After decades of failure in Alzheimer’s disease research, scientists are buoyed by new findings that could mark a turning point in the field, offering hope that treatment may someday slow the grim deterioration of the brain.
The data, published in the prestigious New England Journal of Medicine and presented to applause at a sold-out conference in San Francisco last week, showed a substantial reduction in damaging brain plaques and some modest slowing of cognitive decline in patients with early disease.
It’s just one study. It’s not known whether, over time, the positive results will persist — or vanish.
But it marks the first time that a drug is proven to alter the underlying biology of the disease and slow its deadly trajectory, setting the stage for progress against one of medicine’s most intractable problems.
“This is not going to be a cure for Alzheimer’s disease. It’s not a drug that will be for all patients,” said neurologist Dr. Gil Rabinovici of the University of California, San Francisco’s Memory and Aging Center.
“This is really just a foothold,” he said. “It’s our first successful attempt to intervene in this complicated biology, and meaningfully intervene in a cascade of events.”
While existing drugs provide some relief from symptoms, they don’t directly affect the disease or prevent its progression.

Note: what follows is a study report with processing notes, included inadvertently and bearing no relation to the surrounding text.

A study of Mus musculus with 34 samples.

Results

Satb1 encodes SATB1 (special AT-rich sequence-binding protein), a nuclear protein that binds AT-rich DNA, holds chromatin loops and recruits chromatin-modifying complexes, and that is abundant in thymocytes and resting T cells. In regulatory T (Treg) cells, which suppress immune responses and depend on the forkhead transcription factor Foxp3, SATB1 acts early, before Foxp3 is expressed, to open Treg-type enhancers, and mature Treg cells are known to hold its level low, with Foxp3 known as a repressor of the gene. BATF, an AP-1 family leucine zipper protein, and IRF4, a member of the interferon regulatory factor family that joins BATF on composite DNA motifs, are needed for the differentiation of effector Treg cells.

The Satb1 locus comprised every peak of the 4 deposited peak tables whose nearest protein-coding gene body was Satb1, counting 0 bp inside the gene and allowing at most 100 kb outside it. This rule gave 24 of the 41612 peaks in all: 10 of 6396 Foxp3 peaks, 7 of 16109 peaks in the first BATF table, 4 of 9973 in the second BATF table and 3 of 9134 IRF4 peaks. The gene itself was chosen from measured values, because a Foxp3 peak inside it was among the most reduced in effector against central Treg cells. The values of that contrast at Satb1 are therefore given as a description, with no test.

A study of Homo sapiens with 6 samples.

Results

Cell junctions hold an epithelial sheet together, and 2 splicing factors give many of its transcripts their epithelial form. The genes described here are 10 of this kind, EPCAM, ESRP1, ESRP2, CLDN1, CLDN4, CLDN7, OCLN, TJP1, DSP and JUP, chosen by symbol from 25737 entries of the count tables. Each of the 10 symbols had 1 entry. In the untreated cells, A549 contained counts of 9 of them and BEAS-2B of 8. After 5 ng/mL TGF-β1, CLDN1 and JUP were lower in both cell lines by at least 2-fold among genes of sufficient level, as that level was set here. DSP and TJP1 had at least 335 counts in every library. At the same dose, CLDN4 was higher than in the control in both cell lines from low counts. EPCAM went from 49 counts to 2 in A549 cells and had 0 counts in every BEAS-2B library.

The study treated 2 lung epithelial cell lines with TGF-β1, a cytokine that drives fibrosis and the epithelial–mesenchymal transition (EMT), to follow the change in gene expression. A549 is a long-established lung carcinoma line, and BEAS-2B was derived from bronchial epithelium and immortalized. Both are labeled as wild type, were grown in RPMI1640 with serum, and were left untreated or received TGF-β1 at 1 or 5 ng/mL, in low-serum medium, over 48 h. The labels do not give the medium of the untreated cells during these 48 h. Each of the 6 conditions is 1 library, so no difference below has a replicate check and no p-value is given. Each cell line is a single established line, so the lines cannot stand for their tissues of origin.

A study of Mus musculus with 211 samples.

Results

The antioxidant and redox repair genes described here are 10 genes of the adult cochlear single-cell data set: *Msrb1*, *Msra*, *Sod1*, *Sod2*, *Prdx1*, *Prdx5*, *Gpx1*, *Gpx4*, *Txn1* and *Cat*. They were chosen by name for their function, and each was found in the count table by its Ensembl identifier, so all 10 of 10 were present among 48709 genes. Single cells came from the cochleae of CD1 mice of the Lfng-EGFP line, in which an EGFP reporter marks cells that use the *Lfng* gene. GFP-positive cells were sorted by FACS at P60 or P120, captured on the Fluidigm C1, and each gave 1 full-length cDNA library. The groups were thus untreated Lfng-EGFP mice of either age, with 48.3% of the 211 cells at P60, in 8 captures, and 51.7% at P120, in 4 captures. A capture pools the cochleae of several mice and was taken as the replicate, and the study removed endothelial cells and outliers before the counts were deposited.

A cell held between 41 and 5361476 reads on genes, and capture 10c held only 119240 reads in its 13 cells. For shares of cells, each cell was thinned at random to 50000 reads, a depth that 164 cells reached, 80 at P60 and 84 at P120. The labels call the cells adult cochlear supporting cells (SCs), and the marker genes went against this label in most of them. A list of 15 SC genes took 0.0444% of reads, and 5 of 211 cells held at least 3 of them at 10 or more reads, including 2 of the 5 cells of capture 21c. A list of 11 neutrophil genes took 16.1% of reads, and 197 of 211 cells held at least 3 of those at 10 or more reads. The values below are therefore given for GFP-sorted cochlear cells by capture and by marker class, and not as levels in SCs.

About 6 million Americans have Alzheimer’s, and the ranks are expected to double by 2050 as the population ages. The disease is very common in the elderly: blood markers are found in about 25% of 75-year-olds, 30% of 80-year-olds and 50% of 90-year-olds. Genetics boost the risk. An estimated 1 in 5 Americans carry at least one copy of an APOE e4 gene, which increases the chance of disease.
The new drug, called lecanemab, is a monoclonal antibody that targets a protein, amyloid, which clumps into plaques in the brains of people with Alzheimer’s. While healthy brains can dissolve amyloid, brains of people with Alzheimer’s disease produce too much of the protein or break it down too slowly. This causes a cascade of other brain problems, such as tangles of a protein called tau, which damage neurons and cause memory problems.
Progress against the disease has been slow because, until recently, it was diagnosed too late, long after brain cells had already died. Now new blood tests can reveal the early onset of plaques and tangles in the brain before symptoms appear — giving intervention a chance.